FEDERAL DIRECT LOANS
The AFI Conservatory participates in the Federal Direct Loan program. These student loans are backed by the federal government and administered by the AFI Financial Aid Office. Federal loans are available to students regardless of income.
Student loans allow you to defer some of the costs of attendance until you have either completed or left the program. These loans must be repaid, including interest and all applicable fees.
Direct Unsubsidized Loans
Direct Unsubsidized Loans are not awarded on the basis of financial need. The government does not pay the interest on this type of loan at any time. You will be responsible for interest on your loan at all times. You have the option of paying the interest while in school or having the interest accrue while you're in school to pay it later. If you choose to pay it later, it will be capitalized (usually once at the time of repayment) and the Department of Education will add the accumulated interest to the principal balance of your loan. Additional interest will then be based upon the combination of your original principal balance and the accrued interest.
Direct Loan Amounts
The amount of Direct Loans that you may receive will depend on your prior educational experience. If you have a bachelor's degree, or if you have completed at least three years of undergraduate study, you will be eligible for graduate level loans at the Conservatory. The maximum annual Direct Loan for 2017-2018 is $20,500.
For those admitted without at least three years of undergraduate study completed, annual loan limits will be less, and loan terms, as well as loan amounts, will vary based upon the amount of undergraduate coursework completed.
For loans first disbursed between October 1, 2016 and before October 1, 2017, a Federal Direct Loan is subject to a loan origination fee of 1.069%. The entire loan amount, including deducted fees, must be repaid by the borrower.
The interest rate on the Direct Loan is 5.31% on new and existing loans disbursed between July 1, 2016 and June 30, 2017. Interest rates for loans first disbursed after July 1, 2017 have yet to be determined.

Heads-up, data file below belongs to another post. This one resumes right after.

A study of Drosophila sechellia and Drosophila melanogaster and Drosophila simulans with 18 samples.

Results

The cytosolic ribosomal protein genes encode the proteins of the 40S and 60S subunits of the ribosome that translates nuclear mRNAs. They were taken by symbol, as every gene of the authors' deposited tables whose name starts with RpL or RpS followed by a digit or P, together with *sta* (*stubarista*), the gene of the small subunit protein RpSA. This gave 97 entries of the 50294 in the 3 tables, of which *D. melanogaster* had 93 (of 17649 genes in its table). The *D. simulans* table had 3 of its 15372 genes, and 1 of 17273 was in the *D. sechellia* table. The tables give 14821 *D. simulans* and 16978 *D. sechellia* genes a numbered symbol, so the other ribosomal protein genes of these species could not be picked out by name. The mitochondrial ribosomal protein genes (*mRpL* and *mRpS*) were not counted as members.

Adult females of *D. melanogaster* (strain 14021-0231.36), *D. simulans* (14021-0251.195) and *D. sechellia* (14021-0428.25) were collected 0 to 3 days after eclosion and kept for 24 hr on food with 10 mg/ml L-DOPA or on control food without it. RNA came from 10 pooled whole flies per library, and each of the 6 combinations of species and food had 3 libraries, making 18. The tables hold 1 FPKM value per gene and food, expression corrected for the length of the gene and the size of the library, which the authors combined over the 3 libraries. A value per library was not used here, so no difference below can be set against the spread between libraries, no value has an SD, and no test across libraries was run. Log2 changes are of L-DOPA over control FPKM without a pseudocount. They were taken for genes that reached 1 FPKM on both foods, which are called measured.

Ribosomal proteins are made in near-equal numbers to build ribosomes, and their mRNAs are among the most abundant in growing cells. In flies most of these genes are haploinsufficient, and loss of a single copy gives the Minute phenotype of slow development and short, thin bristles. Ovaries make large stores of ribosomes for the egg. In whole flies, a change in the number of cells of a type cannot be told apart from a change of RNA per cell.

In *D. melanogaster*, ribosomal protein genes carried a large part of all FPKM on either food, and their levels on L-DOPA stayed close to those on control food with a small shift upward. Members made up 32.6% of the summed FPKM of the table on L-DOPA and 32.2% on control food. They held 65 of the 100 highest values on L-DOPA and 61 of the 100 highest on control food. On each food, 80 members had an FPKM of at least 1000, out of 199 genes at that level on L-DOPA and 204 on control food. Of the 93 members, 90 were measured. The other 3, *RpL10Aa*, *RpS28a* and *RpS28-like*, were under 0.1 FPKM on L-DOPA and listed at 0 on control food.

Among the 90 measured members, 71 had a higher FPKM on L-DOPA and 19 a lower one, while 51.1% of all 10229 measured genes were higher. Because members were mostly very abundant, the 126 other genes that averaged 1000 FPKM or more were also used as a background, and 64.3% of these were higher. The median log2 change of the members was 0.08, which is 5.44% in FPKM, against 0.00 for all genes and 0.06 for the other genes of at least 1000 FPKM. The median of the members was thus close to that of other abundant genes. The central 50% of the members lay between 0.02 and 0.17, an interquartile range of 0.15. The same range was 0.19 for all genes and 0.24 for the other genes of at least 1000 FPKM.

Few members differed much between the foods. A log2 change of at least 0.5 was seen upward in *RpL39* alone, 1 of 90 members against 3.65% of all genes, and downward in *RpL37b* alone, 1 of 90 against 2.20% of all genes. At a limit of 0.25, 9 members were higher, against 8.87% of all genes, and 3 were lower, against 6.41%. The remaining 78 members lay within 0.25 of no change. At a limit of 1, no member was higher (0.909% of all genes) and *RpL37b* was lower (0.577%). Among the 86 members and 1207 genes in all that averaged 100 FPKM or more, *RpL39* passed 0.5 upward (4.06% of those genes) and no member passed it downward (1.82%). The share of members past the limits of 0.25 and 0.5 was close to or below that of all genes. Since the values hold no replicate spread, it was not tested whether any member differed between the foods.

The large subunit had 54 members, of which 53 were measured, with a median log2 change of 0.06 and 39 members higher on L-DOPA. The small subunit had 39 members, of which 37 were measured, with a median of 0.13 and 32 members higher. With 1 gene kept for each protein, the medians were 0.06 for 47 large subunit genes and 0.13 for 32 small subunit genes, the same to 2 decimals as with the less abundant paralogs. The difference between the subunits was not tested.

Repaying Your Loan
Federal Student Loans are required by law to provide a range of flexible repayment options, including but not limited to, income-based repayment and income contingent repayment plans, and loan forgiveness benefits which other students loans are not required to do.
If you qualify for one, a deferment is a right as a borrower. A deferment allows you to postpone your loan payments for a specific period of time. During a deferment, you will not be charged interest on a subsidized loan. However, interest will accrue during a deferment for unsubsidized loans. You must apply for a deferment and be approved for it before your payments will be postponed.
The following outlines your deferment options for loans disbursed after July 1, 1993:
|Deferment Reason ||Limited to:
|Enrolled, at least half time, at a postsecondary school ||Unlimited
|Unable to find full-time employment ||Six-month period with a maximum of six periods
|Economic hardship ||Twelve-month period with a maximum of three periods
A forbearance is an option granted to you at the discretion of your student loan lender or holder. You may apply for a forbearance to temporarily postpone or reduce your monthly payments if you are experiencing temporary financial difficulties. The terms of a forbearance are on a case-by-case basis and are arranged specifically for you by your student loan lender or holder. A forbearance may result in an increased monthly payment upon resuming regular payments.
Tracking Your Loans
The Department of Education has created a central database for student aid called the National Student Loan Data System (NSLDS) (nslds.ed.gov). NSLDS takes information from schools, lenders and guarantee agencies on a regular basis to provide the most up-to-date information for you. Using your federal PIN, you are able to access your student aid records and track your federal loans after disbursement.
The Department of Education created a Federal Student Aid (FSA) (fsahelp.ed.gov) Ombudsman to assist federal loan borrowers resolve disputes regarding their loans. While the Ombudsman cannot reverse a decision made by another party, they will assist borrowers with a neutral third-party position that can recommend solutions. If they determine that you have been treated unfairly, they will work on your behalf to fix the problem with other agencies.